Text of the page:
Animal Crossing: New Horizons introduced excellent gameplay changes to the series, but its predecessors can show how its sequel can do even better.
The sequel to Animal Crossing: New Horizons could learn a lot from classic past installments in the long-running Nintendo series. A lot of pressure has already been put on this hypothetical game because of the success New Horizons had on the Nintendo Switch, and in moments where there is a lot on the line for a video game series, returning to its roots is is often a smart idea.
Looking backwards will be important for the Animal Crossing: New Horizons sequel not just because of the stakes, though. New Horizons brought a lot of changes to how Animal Crossing is played as a game. Rather than prioritizing villager interactions, New Horizons emphasized customization by offering a humongous catalog of decorative items and enabling players to place furniture outside. Consequently, the next installment in the series must play a balancing act of adding to and enhancing New Horizons’ furniture customization options while bringing some of the more classic elements of Animal Crossing back to the forefront.
The Villager Interactions Of Animal Forest Should Come Back In New Horizons
Doubutsu no Mori (or Animal Forest, as the Japanese version of the original game is called) is missing a lot of what Animal Crossing: New Horizons has to offer. Customizable exteriors, huge DLCs, a much larger pool of villagers and items to collect from – New Horizons is partly popular because it’s massive when compared Animal Forest. However, Forest beats New Horizons in one particularly significant area, and that’s villager interactions.
Building relationships with one’s villagers is the central point of the Animal Crossing series, even with all the new customization options Nintendo has added over the years. As such, it is a shame that Animal Crossing: New Horizons is so limited with its villager interactions. No player truly shares dialog with any individual villager; instead, players share dialog with personality types. See, villagers in New Horizons have their dialog limited to their personality type, meaning every villager in a personality type will say the same things. The only things that differentiate villagers in New Horizons are their catchphrases and nicknames that set them apart. In contrast, Animal Forest villagers had individual things about their personalities they would talk about: Some might like reading while others may hate a specific type of shirt. This led to interactions that could only be had with the villagers a player had on their island, in turn making the game much more personable.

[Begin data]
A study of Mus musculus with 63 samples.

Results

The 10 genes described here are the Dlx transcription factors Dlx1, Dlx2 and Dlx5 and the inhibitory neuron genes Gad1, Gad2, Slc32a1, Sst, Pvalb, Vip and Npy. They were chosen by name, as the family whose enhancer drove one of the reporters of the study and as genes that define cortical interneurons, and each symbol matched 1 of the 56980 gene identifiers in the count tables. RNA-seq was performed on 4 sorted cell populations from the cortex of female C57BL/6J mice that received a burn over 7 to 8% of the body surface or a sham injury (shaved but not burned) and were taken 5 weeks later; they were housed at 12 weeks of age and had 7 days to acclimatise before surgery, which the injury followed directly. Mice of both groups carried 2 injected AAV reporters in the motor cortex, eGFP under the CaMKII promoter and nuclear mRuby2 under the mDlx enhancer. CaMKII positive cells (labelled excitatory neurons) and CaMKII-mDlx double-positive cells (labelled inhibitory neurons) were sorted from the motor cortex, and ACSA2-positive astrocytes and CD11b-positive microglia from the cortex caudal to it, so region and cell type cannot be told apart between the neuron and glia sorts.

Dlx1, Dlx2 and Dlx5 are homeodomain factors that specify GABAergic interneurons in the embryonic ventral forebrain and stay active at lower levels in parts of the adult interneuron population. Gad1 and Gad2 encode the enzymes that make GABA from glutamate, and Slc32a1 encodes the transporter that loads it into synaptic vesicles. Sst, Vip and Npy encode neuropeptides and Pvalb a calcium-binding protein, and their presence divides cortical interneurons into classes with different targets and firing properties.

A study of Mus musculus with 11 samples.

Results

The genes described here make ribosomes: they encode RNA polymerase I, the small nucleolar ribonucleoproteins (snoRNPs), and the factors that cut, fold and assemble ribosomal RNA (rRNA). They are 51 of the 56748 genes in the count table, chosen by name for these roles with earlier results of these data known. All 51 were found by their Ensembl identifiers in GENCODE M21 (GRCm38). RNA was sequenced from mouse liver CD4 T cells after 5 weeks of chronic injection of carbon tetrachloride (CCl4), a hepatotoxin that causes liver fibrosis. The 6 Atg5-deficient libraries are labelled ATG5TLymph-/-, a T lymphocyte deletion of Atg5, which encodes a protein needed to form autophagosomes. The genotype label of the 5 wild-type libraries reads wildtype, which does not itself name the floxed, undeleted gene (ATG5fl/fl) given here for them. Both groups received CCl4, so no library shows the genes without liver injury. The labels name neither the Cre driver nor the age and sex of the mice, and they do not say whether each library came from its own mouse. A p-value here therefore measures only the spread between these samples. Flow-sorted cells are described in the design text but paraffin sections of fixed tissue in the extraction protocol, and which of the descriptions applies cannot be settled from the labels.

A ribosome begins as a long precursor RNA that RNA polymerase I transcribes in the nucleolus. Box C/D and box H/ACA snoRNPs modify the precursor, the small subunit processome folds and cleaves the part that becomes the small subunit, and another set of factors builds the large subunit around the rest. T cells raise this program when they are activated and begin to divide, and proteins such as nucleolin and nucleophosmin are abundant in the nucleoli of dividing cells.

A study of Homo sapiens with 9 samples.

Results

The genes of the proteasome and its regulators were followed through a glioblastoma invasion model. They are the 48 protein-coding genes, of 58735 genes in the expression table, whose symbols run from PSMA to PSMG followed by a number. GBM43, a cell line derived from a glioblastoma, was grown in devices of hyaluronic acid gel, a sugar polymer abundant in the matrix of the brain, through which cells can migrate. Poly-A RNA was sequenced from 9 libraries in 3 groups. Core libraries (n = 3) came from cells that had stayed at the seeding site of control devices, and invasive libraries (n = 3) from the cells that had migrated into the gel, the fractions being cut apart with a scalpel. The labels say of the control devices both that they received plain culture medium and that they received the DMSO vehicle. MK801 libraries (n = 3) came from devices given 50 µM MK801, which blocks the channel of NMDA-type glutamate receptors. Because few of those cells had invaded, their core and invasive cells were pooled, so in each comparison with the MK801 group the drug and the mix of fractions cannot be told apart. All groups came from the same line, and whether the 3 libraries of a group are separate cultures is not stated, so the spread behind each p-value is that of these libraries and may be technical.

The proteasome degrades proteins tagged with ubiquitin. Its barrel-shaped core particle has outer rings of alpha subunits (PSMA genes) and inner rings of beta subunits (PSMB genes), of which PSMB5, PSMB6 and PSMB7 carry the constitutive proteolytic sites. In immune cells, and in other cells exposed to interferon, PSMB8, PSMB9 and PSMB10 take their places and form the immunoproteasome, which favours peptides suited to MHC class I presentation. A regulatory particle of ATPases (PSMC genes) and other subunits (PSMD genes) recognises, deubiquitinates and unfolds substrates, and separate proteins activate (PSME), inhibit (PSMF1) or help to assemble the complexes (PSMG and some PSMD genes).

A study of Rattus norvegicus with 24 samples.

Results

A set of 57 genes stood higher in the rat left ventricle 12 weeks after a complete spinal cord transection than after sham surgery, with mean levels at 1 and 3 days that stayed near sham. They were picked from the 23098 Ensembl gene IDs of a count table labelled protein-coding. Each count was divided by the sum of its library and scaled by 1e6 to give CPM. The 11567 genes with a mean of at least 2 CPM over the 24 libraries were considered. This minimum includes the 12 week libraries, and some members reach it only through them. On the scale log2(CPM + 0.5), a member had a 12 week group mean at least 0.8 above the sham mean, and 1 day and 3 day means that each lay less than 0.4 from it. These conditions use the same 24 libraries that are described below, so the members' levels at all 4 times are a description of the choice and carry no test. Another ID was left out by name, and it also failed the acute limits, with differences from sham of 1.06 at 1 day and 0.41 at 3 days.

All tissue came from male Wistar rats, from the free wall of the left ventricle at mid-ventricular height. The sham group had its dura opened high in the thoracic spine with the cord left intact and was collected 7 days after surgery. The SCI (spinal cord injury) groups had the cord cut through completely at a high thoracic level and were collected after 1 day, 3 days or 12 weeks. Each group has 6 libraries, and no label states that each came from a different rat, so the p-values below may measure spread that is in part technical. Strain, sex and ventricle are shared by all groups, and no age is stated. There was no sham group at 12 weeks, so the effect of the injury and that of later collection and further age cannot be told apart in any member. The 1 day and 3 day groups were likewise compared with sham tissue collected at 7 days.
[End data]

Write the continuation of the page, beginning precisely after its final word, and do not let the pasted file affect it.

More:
Additionally, the process of building relationships was a lot more rewarding in Animal Forest. In the Nintendo Switch title, building friendships is the easiest part of the game. Simply gifting a villager valued items in New Horizons can quickly get players into max friendship levels with all of their villagers. In Animal Forest, the villagers were plainly mean. They behaved as if they only befriended those who would immediately benefit them; as such, at the lower levels of friendship, players basically can only run errands for them. Even talking to a villager too much may get them upset to the point they start yelling. A New Horizons could benefit a lot from these sort of relationship dynamics, as it would make the warmth of villagers in New Horizons more rewarding if they are like the villagers in Animal Forest at first.
New Leaf’s Main Street Should Return In New Horizons’ Sequel
Animal Crossing: New Horizons topped sales charts largely because of how well it did customization. Players can design their community of villagers in the exact way they desire. However, to accomplish this, the islands in New Horizons are basically complete blank slates. They have almost nothing to offer until a lot of work is put into them. Even the islands shops need dedication, as it is up to players to choose where they go. While this allows players to instill value into their islands through the work they put into them, the lack of features New Horizons’ islands begin with can make them feel alarmingly devoid of character.
Another reason why New Horizons’ sequel should bring back a Main Street area is because of how cool it was in New Leaf. The stores and their evolutions – especially the Nook Emporium’s – looked great, whereas the store designs in New Horizons felt bland at beast, and stagnant at worst. Animal Crossing: New Horizons’ sequel could thus do a lot with some of the designs seen in New Leaf’s Main Street. Plus, were a Main Street area brought into the game, it could incorporate customization options for the stores and other thematic and visual elements of the area itself, enabling players to continue making their village their own even if the stores themselves were to have more permanent locations.
While the past games can teach the next Animal Crossing game a lot, Animal Crossing: New Horizons and the direction it has brought in for the series are great. Having such a large variety of villagers to befriend while also getting to have near complete control of the design of the island they live on makes for a relaxing, fun experience. If anything, hopefully the next game at least remembers to keep Bunny Day as short as possible.